Healthier School Lunches Should be a Priority

The subject of school lunches remains a hot topic in the headlines, and of course, it’s a timely topic for Wellness Wednesday.

In fact, yesterday, a report released by the Institute of Medicine suggested that school-provided lunches and breakfasts need to be improved and updated. I read a number of reports on the topic, but The Checkup on summed things up nicely.


The IOM, an independent organization (one of the four National Academies) that advise the federal government on health and nutrition matters, issued a report today outlining its recommendations for improving standards for the national school nutrition program, in which virtually every public school and the vast majority of private schools take part. The report comes a few weeks after the Child Nutrition Act expired on September 30; Congress is due to reauthorize it this session.

The new rules would, for the first time, establish an upper limit for calories (650 per lunch for kids in grades K-5, 700 for kids in grades 6-8 and 850 for those in grades 9-12).

Students should be served more fruit, only half of it in juice form; more leafy and orange vegetables but fewer potatoes; only 2 ounces of meat at lunch and 1 ounce in school-provided breakfast; more whole grains, and 1 percent or skim milk instead of whole or 2 percent.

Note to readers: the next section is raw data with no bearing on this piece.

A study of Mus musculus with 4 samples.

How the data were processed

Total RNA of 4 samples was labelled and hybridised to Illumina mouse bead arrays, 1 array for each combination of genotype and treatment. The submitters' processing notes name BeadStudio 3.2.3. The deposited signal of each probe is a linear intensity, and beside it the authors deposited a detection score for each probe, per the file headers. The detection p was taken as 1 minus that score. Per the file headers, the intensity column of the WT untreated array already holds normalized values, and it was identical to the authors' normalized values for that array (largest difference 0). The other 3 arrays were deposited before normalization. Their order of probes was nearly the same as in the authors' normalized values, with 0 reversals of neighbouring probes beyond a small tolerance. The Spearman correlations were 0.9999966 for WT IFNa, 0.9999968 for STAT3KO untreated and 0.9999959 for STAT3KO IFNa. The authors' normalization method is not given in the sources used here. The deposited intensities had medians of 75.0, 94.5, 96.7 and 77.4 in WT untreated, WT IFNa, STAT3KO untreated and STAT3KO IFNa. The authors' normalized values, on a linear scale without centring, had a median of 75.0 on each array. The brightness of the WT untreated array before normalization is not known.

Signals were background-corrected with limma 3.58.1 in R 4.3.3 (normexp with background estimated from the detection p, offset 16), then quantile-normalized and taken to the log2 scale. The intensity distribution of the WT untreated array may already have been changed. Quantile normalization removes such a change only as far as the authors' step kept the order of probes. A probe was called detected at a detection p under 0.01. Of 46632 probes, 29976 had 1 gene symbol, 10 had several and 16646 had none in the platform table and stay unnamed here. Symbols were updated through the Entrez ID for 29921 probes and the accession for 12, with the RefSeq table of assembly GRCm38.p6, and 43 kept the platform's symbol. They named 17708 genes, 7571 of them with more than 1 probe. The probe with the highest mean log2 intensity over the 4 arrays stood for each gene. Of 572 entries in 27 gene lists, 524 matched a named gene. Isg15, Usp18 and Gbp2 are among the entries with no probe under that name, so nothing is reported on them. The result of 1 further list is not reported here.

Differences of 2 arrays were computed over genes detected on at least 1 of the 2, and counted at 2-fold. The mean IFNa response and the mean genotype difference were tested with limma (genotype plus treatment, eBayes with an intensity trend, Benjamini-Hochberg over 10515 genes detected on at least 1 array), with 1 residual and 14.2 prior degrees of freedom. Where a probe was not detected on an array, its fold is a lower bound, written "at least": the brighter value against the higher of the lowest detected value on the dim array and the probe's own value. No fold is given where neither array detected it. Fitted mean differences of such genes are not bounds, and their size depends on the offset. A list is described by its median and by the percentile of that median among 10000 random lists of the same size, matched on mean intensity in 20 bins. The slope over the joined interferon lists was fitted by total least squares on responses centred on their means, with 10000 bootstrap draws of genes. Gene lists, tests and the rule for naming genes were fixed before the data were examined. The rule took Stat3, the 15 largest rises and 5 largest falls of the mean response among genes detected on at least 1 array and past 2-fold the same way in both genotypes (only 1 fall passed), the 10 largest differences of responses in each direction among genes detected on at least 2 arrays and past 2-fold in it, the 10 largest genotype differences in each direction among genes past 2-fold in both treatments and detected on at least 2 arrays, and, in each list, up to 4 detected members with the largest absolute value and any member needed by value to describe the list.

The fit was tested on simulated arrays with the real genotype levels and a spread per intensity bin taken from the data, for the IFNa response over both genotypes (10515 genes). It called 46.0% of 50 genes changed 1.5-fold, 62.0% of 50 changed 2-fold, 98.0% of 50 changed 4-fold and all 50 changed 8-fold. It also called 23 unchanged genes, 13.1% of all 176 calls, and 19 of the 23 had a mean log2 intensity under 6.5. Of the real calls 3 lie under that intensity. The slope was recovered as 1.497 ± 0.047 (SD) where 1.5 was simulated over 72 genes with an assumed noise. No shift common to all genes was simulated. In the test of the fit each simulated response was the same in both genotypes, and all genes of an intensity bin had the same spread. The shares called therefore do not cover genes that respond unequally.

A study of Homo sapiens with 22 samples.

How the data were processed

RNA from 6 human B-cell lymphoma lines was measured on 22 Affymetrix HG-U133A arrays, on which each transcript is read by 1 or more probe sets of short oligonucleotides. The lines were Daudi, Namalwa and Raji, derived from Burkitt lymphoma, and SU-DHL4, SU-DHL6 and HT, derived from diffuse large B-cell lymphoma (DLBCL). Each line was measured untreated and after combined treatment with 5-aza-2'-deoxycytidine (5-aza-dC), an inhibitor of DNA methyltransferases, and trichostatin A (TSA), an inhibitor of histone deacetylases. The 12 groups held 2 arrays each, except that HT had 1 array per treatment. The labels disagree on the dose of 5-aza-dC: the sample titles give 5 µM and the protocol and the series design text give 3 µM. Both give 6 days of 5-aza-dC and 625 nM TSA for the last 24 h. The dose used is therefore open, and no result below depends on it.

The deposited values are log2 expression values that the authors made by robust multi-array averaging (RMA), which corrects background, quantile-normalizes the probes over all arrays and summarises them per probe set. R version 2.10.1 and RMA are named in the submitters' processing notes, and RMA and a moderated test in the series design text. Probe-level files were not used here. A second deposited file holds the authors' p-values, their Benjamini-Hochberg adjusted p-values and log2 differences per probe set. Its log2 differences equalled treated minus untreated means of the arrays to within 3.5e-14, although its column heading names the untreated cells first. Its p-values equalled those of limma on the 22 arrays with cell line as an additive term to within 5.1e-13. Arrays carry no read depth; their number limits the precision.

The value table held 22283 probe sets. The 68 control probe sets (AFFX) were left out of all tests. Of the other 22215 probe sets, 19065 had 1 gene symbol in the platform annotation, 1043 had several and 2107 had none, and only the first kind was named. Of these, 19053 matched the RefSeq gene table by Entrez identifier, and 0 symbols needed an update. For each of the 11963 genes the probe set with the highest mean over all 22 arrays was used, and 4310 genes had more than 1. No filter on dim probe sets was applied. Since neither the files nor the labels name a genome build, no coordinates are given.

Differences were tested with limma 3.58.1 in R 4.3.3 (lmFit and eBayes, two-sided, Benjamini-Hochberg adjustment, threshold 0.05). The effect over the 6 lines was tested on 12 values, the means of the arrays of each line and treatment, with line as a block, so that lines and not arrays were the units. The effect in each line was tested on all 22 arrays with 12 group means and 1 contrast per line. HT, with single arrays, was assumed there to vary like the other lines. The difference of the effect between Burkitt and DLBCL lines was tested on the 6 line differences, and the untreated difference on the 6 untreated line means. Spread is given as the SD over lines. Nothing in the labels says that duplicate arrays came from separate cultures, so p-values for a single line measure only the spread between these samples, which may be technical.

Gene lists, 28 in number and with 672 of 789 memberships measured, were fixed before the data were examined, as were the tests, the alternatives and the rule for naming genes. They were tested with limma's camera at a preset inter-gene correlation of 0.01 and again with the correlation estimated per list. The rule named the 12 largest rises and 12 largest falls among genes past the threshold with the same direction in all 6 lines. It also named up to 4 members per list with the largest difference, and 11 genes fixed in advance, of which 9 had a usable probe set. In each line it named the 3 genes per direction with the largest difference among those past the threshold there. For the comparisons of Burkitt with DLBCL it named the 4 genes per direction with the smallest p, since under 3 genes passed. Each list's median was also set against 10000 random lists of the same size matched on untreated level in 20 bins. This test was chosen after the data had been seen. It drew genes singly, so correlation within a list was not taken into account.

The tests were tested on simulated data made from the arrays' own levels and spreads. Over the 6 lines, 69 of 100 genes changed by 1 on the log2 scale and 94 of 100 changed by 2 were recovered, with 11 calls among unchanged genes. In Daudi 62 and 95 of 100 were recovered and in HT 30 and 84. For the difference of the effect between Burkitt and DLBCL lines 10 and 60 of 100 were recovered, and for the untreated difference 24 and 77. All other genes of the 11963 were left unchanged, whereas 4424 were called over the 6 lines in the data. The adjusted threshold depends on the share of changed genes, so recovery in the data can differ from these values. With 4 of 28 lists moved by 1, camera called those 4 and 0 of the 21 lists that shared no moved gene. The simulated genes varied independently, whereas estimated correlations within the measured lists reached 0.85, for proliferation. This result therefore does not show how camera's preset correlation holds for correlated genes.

The school lunch program’s current nutrition standards are based on the 1995 Dietary Guidelines for America — which were revised in 2005 and are again under revision, with a new set due next year. The similarly outdated 1989 Recommended Dietary Guidelines have since been supplanted by the IOM’s Dietary Reference Intakes.

Based on the IOM’s findings, it’s obvious nutrition standards in the school lunchroom are outdated.  The Washington Post goes on to point out that President Obama has put an extra $1 billion in his 2010 budget proposal for child nutrition, including school meal programs. And once again, with childhood obesity always a concern, it’s time for these standards to be realigned with our kids’ wellness in mind.

As I read in this article, it’s a given, updating these standards won’t be cheap.  In terms of our own family’s grocery bill, we expect to pay more for organic, natural and local products.  I consider that extra expense well worth it.

I’ll be sure to follow the ongoing coverage of this topic, so please stay tuned.